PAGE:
2 cities groups lobby for MLB teams
2 cities groups lobby for MLB teamsPublished August 7, 2000
Two sports commissions are at the center of their cities' efforts to land a Major League Baseball franchise.
The Portland Oregon Sports Authority and the D.C. Sports & Entertainment Commission in Washington are actively lobbying baseball and seeking potential investors if a major league team relocates after this season or next.
The Portland organization joined a years-long effort by a group of local business leaders called Portland Baseball to woo a ballclub to the city, offering aging Civic Stadium as a temporary home until a new ballpark can be built.
The D.C. Sports & Entertainment Commission decided "we had to be more proactive," said marketing director Neville Waters, when talk of moving a team to the area focused not on the nation's capital but on suburban northern Virginia.
The D.C. commission conducted several studies on the viability of baseball in the market and on a team's impact on the neighboring Baltimore Orioles. It also helped assemble an investor group, which includes two former commission directors who "can help cutting through the red tape," Waters said.
Last month, bid leader Fred Malek, a former partner of George W. Bush when he owned the Texas Rangers, and members of the investor group traveled to Atlanta to schmooze major league executives and sponsors gathered for the annual All-Star Game. "We're very encouraged based on the response we're getting from people," Waters said.
Washington and Portland are targeting the usual suspects: the Minnesota Twins, Oakland A's and Montreal Expos — teams in cities unwilling to meet their demands for a new ballpark or unable to offer the necessary corporate climate to fill luxury suites and premium seats.
The Portland Sports Authority joined other Oregonians in pursuing a major league franchise early this year.
"We were working on the same issue," said Drew Mahalic, executive director of the authority. "Our job is to bring the highest level of sport to our region and our state. We both came to the conclusion that this was a once-in-a-lifetime opportunity."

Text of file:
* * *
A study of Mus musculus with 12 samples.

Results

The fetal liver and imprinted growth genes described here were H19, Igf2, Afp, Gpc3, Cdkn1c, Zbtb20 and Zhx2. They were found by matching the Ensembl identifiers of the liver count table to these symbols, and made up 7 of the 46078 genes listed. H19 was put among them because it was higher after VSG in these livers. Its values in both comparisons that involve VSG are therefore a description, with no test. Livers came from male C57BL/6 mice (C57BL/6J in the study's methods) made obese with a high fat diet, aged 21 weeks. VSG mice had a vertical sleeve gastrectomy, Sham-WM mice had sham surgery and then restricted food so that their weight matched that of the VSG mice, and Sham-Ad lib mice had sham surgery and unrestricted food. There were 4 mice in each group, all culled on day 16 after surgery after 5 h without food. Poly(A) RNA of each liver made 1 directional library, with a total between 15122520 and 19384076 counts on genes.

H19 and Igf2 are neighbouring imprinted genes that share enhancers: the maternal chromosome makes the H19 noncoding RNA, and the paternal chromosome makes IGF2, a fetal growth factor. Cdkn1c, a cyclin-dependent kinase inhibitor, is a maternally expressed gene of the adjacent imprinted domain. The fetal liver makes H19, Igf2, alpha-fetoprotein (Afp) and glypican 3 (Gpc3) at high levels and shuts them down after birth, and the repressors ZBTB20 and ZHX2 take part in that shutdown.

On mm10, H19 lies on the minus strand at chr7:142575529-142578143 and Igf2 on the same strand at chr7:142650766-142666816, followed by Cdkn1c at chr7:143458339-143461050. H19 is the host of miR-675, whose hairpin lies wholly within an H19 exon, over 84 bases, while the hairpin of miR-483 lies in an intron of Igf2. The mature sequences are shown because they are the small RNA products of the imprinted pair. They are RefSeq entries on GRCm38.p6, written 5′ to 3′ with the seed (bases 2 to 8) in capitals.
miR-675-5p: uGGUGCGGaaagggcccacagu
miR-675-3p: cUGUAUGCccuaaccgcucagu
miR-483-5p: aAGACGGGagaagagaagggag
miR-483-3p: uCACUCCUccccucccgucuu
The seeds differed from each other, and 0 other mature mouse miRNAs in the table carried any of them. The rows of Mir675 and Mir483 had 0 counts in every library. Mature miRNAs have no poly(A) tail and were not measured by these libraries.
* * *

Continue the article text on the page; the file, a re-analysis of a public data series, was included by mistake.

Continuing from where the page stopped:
Earlier this summer, the authority and Portland Baseball hired Game Plan LLC, an investment banking firm, to help identify potential backers. Architect HOK Sport has been hired to review potential sites for a new ballpark, and the authority and the baseball group are working with local legislators to fund it.
Both Waters and Mahalic said chasing a major league team is not unlike what sports commissions typically do in bidding for a major sporting event. The task often requires the panel to coordinate government and business efforts to make their city the most attractive destination.
Along with targeting an MLB team, Waters said, the D.C. commission is in the middle of the 2012 Summer Olympics bid process and is examining building a stadium for D.C. United, the Major League Soccer franchise that plays in the commission-managed Robert F. Kennedy Stadium.
The Portland area recently hosted the Gorge Games and the U.S. Pro Waterski and Wakeboard tour. Next week, the largest beach volleyball event ever will take place in coastal Seaside, where 60,000 spectators are expected.
Getting a major league team will not be easy for either group. Baseball has not allowed a franchise to relocate since the Washington Senators left D.C. for Texas in 1972. The move was the second time the city lost a major league team. An earlier version of the Senators left for Minnesota in 1961.
Waters contends that the departures were unrelated to Washington's suitability as a home. In any case, the economic makeup of the market has improved since the 1960s and '70s, Waters said.
"We don't think that [D.C.] failed baseball, but we realize that's the perception, so we have to deal with it," he said.
With more than one troubled franchise, Mahalic said there is no need to keep tabs on potential competition.
Waters said the D.C. commission is in a "friendly competition" with the northern Virginia group, which is led by Reston, Va., businessman William Collins III. Many in baseball think the D.C. and Virginia groups will have to join forces in order to make a successful bid. That the two are mentioned in the same breath is in itself an accomplishment for the D.C. commission, Waters said.
"We're really a legitimate option," he said.